Law, Technology and Tensions
By T.R. Raghunandan, 27 Mar 2017

This is the fifth part of the Raghu Bytes series on 'Avoiding Accountability'.

The decision of the government to give MLAs the power to decide how many houses could be allocated to each village, caused a great deal of gnashing of teeth amongst Panchayat elected representatives. However, by the letter of the law, this allocation of responsibility by the government was not wrong. After all, the MLAs were not going to select beneficiaries, but were only allocating targets. Little did it matter that the MLAs now had powers to favour those villages that voted for them and harass those that did not.

Even as the government were walking the tightrope, other measures to increase the accountability of participatory processes were put in place. One of them – which I thought could be crude and effective – was to mandatorily video graph all meetings of the Grama Sabhas. Thus, if beneficiary selection was being done by the Grama Sabhas, a visual record of these would be available for all of them to see. It seemed to be a measure that would end all irregularities in beneficiary selection.

However, there is no point in video graphing the proceedings of Grama Sabha meetings, if nobody watches these videos afterward.

Once selections of beneficiaries are done by the Grama Sabhas, these lists have to enter the official system. And who does that? A worthy named the data entry operator.

Let me introduce to you the new power broker in the village, the data entry operator. Over the past decade, computerisation of the Grama Panchayat offices has been a buzzword for ambitious and well-meaning bureaucrats. They have launched upon time bound programmes for completing computerisation. Internet connections have been provided to Panchayats, new extensions for buildings constructed, and spanking new computer systems installed. Software has been developed for each of the Panchayats needs and there has been visible change in how Panchayats transact their business.

The computerisation of the Panchayats has also led to new power relations being set up. Suddenly, the power of the Panchayat president, the elected representatives and the Panchayat and the Panchayat secretary, have paled before the presence of the data entry operator; he of the password and the fingerprint.

The data entry operator in a Panchayat is a powerful individual. He operates in dark and mysterious ways. He is a very busy man; much of his power is derived from his overwork. Many schemes and programmes, with their rapid transition to a semi computerised mode of functioning, now vitally depend upon the data entry operator for their smooth implementation. Most data entry operators have been appointed in the wake of the National Rural Employment Guarantee Programme; a programme that has depended on a computer based system of keeping records, right from its inception a decade back. Quite often, the data entry operator, burdened as he is by the workload of the NREGA, is hard pressed for time to do other data entry operations, including for the housing programmes.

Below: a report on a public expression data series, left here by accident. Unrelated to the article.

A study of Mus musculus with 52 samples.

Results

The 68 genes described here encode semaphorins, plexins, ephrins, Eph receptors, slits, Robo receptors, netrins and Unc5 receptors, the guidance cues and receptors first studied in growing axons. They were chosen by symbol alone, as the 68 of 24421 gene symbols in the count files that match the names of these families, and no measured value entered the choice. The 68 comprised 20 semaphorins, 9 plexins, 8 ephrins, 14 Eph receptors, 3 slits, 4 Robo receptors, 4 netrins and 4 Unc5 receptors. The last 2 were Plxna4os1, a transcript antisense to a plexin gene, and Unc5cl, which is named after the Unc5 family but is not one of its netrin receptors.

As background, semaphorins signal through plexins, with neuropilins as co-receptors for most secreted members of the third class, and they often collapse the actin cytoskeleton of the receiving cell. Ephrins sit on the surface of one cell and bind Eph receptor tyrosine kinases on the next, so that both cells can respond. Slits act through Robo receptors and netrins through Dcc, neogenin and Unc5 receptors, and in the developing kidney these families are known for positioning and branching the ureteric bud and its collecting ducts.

The time lag between the actual meetings of the Grama Sabhas for beneficiary selection and the entry of these lists in the Panchayat computer provides plenty of scope for manipulation. It is at this level that pressures are applied, I am told, by both MLAs and Panchayat elected representatives, to manipulate the beneficiary lists. While this was always suspected, I heard that recently, a sincere officer at the district level decided to check the veracity of the beneficiary lists entered in the computer. He did this the hard way, by watching the videos of the Grama Sabhas. His diligence paid off; beneficiary lists were found to be roughly thirty percent at variance with the decisions of the Grama Sabhas.

I spoke to a senior officer dealing with housing programmes as to how such distortions could be avoided. He proposed to launch an app that would enable data on beneficiary selection to be uploaded in real time, even as the Grama Sabha meetings were held. I thought that would be a good idea overall, though I still had doubts about whether manipulation would end; the ingenuity of the crooked mind is limitless.

However, a politician that I know had a better idea and he went ahead and implemented it. He made a promise in his constituency that all beneficiaries would be covered in all villages, turn by turn. Villages were prioritised on the basis of the intensity of the houselessness problem. Using this method, the politician was able to get far more homes built at a double quick time, by avoiding disputes in beneficiary selection and concentrating money flows and supervision on each village, turn by turn. According to him, others waited for their turn, assured by the fact that when it came, their problem of houselessness would be fully addressed, once and for all.